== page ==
Clearance divers of the Royal Canadian Navy’s Fleet Diving Unit (Atlantic), with a little help from their nimble little ROVs, revisit the remains of HMS Breadalbane during the military’s annual arctic readiness exercise – Operation Nunalivut 2014
A dive into the past serves the future. That’s how clearance divers from the Royal Canadian Navy’s Fleet Diving Unit (Atlantic) saw it during their recent sojourn high above the Arctic Circle. As part of the Canadian Armed Forces annual arctic readiness exercise – Operation Nunalivut – they revisited a very old shipwreck that is assuredly one of the least visited National Historic sites in Canada.
We’re referring to HMS Breadalbane of course, the world’s most northerly known shipwreck, which DIVER revisited as well last year in Volume 38 Number 6 to commemorate a 30th anniversary. The story recounted the adventures of publisher Phil Nuytten who headed up dive operations for a spring 1983 expedition, the first ever on the long lost wreck. That account was first published later the same year. Led by Dr. Joe MacInnis, the civilian initiative revealed the remarkably intact wooden sailing ship to the world, on the cover of National Geographic magazine no less.
Call us biased, but we reckon the Fleet Diving Unit’s recent jaunt into the frosty north to ‘drop in’ on the Breadalbane, complete with ROVs, was hands-down the most interesting event of the month-long operation, staged April 2 through May 3. The 19th century sailing ship is anything but your average wreck dive. Located in 328 feet (100m) of water just south of Beechey Island, she was first filmed in 1981 (stills had been taken by drop camera to confirm her identity the year before) by another ROV, which captured more than 500 photos and three hours of colour videotape as it zipped around the old British barque, a supply ship in her day.
Sharp New Video
During this April’s month-long operation the clearance divers logged 21 dives and 14 hours under the frigid arctic sea by way of an ice hole cut through the 5-foot (1.5m) thick ice cover. Their preparedness efforts involved deployment of ROVs whose technology has advanced significantly over the past three decades. That was apparent in the images they recorded with more than 25 hours of digital footage of the stately wreck that remains intact, upright on her keel and is a burst of colour to boot thanks to the marine life that now adorns her wooden frame.
This recent series of photo dives on HMS Breadalbane are the first since the original 1983 expedition and, in turn, the first look at the 19th century barque in more than three decades. Acquiring these images the Canadian Armed Forces worked in cooperation with Parks Canada’s Underwater Archaeology Service and California-based SeaBotix, Inc. The entire archive of digital imagery and associated data recorded during the exercise will be shared with and preserved by the Government of Nunavut and Parks Canada.
Ill-fated Arctic Ship
Breadalbane was among many ships dispatched mid 19th century by Queen Victoria on a vital rescue mission. She was tasked to find Sir John Franklin and the men of his ships Erebus and Terror, which had disappeared during the acclaimed arctic explorer’s third attempt to navigate Canada’s Northwest Passage from east to west, in hopes of proving the viability of a faster and, therefore, more lucrative trade route to the Orient. The arctic got the better of him and his ships, which remain lost to this day (although a search has been underway for the past several summer seasons). Discovery of the Franklin ships would be a major historical find for Canada and the world. As a part of that ongoing initiative, another Royal Navy rescue ship, HMS Investigator, was discovered in the western arctic at Banks Island by the Underwater Archaeological team of Parks Canada.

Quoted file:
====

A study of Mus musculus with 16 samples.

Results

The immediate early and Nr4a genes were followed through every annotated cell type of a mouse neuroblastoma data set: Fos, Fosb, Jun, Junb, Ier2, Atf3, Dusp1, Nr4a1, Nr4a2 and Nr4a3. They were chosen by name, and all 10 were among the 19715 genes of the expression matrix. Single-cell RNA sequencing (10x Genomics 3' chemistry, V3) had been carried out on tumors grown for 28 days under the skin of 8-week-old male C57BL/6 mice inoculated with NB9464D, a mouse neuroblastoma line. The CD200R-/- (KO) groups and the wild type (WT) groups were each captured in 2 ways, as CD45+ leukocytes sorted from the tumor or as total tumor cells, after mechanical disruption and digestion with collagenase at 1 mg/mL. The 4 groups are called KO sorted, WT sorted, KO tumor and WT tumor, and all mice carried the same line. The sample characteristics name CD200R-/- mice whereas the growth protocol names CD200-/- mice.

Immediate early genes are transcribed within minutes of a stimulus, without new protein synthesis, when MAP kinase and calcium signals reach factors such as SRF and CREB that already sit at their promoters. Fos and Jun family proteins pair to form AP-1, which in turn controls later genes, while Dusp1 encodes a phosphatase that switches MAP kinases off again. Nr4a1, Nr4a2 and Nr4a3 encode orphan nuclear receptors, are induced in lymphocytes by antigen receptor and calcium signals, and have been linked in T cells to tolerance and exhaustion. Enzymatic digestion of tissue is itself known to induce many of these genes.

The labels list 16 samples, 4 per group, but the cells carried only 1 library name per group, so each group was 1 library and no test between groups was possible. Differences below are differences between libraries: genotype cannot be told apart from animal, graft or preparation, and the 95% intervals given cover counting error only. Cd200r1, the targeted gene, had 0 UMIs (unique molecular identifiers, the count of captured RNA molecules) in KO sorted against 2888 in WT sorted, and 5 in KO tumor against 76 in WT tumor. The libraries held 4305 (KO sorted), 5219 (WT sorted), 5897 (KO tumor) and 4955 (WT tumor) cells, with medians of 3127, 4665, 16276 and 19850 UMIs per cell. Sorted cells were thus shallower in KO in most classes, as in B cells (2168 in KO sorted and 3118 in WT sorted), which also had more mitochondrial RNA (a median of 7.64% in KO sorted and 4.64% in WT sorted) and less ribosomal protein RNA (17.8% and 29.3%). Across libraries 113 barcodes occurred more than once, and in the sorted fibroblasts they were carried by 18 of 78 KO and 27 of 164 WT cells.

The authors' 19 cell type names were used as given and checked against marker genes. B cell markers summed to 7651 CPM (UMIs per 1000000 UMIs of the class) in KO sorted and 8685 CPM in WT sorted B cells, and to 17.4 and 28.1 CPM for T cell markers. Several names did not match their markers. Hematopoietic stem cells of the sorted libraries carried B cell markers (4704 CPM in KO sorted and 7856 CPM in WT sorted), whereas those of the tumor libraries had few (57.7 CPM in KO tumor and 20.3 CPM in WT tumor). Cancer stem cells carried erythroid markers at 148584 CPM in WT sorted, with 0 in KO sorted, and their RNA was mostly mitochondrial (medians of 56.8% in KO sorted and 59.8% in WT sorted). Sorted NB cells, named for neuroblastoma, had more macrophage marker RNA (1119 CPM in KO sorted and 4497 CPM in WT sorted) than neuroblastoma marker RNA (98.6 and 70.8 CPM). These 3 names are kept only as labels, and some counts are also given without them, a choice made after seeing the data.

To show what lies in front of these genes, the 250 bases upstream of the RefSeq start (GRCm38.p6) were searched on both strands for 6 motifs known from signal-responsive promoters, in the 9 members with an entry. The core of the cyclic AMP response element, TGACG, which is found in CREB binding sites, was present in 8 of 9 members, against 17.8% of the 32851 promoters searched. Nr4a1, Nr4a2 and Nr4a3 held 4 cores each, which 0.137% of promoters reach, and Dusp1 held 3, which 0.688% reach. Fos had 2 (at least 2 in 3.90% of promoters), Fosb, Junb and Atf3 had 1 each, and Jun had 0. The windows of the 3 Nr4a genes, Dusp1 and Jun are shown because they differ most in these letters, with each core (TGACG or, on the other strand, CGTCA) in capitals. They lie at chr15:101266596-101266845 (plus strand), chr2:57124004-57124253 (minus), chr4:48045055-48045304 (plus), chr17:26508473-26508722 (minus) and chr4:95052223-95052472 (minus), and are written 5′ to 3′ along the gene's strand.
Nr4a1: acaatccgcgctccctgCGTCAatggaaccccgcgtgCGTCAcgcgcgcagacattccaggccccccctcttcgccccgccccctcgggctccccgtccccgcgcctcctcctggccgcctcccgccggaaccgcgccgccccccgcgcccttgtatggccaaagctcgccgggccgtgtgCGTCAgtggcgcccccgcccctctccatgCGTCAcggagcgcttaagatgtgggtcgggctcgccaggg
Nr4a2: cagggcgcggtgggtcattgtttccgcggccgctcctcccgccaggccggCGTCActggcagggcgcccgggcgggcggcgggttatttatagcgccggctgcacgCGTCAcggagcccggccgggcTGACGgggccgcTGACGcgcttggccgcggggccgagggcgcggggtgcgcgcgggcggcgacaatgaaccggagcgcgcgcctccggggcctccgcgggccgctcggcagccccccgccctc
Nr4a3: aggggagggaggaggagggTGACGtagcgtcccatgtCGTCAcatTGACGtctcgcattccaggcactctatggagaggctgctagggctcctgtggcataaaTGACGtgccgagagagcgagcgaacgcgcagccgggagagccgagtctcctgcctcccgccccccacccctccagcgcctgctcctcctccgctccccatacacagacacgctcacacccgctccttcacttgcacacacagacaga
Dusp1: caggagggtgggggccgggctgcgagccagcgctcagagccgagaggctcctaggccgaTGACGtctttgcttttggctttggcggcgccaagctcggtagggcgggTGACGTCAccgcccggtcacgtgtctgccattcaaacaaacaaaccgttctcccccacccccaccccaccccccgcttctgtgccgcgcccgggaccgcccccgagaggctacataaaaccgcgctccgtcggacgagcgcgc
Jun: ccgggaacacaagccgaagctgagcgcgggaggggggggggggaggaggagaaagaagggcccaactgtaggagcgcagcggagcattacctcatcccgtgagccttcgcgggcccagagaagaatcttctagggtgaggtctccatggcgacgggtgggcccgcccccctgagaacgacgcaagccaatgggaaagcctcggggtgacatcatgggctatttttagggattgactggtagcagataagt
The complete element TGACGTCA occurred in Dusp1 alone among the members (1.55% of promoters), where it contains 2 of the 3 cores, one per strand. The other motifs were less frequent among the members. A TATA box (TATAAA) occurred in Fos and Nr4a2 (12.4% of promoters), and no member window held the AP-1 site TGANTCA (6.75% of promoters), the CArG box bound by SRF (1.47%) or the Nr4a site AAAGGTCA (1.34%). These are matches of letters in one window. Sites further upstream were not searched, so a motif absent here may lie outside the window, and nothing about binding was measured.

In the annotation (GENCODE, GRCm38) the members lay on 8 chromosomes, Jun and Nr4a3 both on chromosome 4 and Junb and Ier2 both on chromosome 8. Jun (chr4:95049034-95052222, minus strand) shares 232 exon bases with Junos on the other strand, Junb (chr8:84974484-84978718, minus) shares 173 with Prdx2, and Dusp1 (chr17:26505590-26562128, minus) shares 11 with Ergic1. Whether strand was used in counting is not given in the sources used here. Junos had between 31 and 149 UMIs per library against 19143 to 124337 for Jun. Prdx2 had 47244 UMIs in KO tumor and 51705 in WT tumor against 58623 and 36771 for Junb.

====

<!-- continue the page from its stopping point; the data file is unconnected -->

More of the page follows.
It was in 1975 that Dr. Joe MacInnis began his archival research in the quest to find the Breadalbane. That effort led to her discovery in August 1980 and the spring 1983 expedition referred to above earlier in the story.
After viewing a video clip of the dives on Breadalbane this April, MacInnis was quoted in Canada’s National Post newspaper saying, “It’s a ‘wow’, there’s no question about it, it is a definite ‘wow’.” Recalling the photographic technology available 31 years ago, he said, “You see the detail here, a crispness that we just didn’t have in 1983. You can see the hull’s copper sheeting in clear detail… these images are twice as good, maybe more, than what we shot.”
MacInnis worked as a physician to filmmaker James Cameron on his 2012 solo dive in Deepsea
Challenger to the bottom of Challenger Deep in the Mariana Trench, deepest spot in the world ocean. His interest and involvement in the arctic was focused on finding a shipwreck, in the broader context of Canadian arctic sovereignty, which also backstops Operation Nunalivut.
“The thing now is, what’s the next step?” MacInnis said in his newspaper interview. “How is this story going to be told and shared with all Canadians? That’s the most important thing.”
Joint Task Force
Operation Nunalivut is one of Joint Task Force (North)’s annual operations in the high arctic, combining Air, Land and Maritime operations to exercise interoperability and arctic skill-sets within the Canadian Armed Forces (CAF). Parks Canada, Natural Resources Canada (Polar Continental Shelf Program), the Government of Nunavut, and SeaBotix Inc. were valuable participants in this year’s exercise. The annual exercises are part of the CAF’s ongoing presence in the north over the decades, conducting surveillance and sovereignty operations and contributing to a more visible government presence.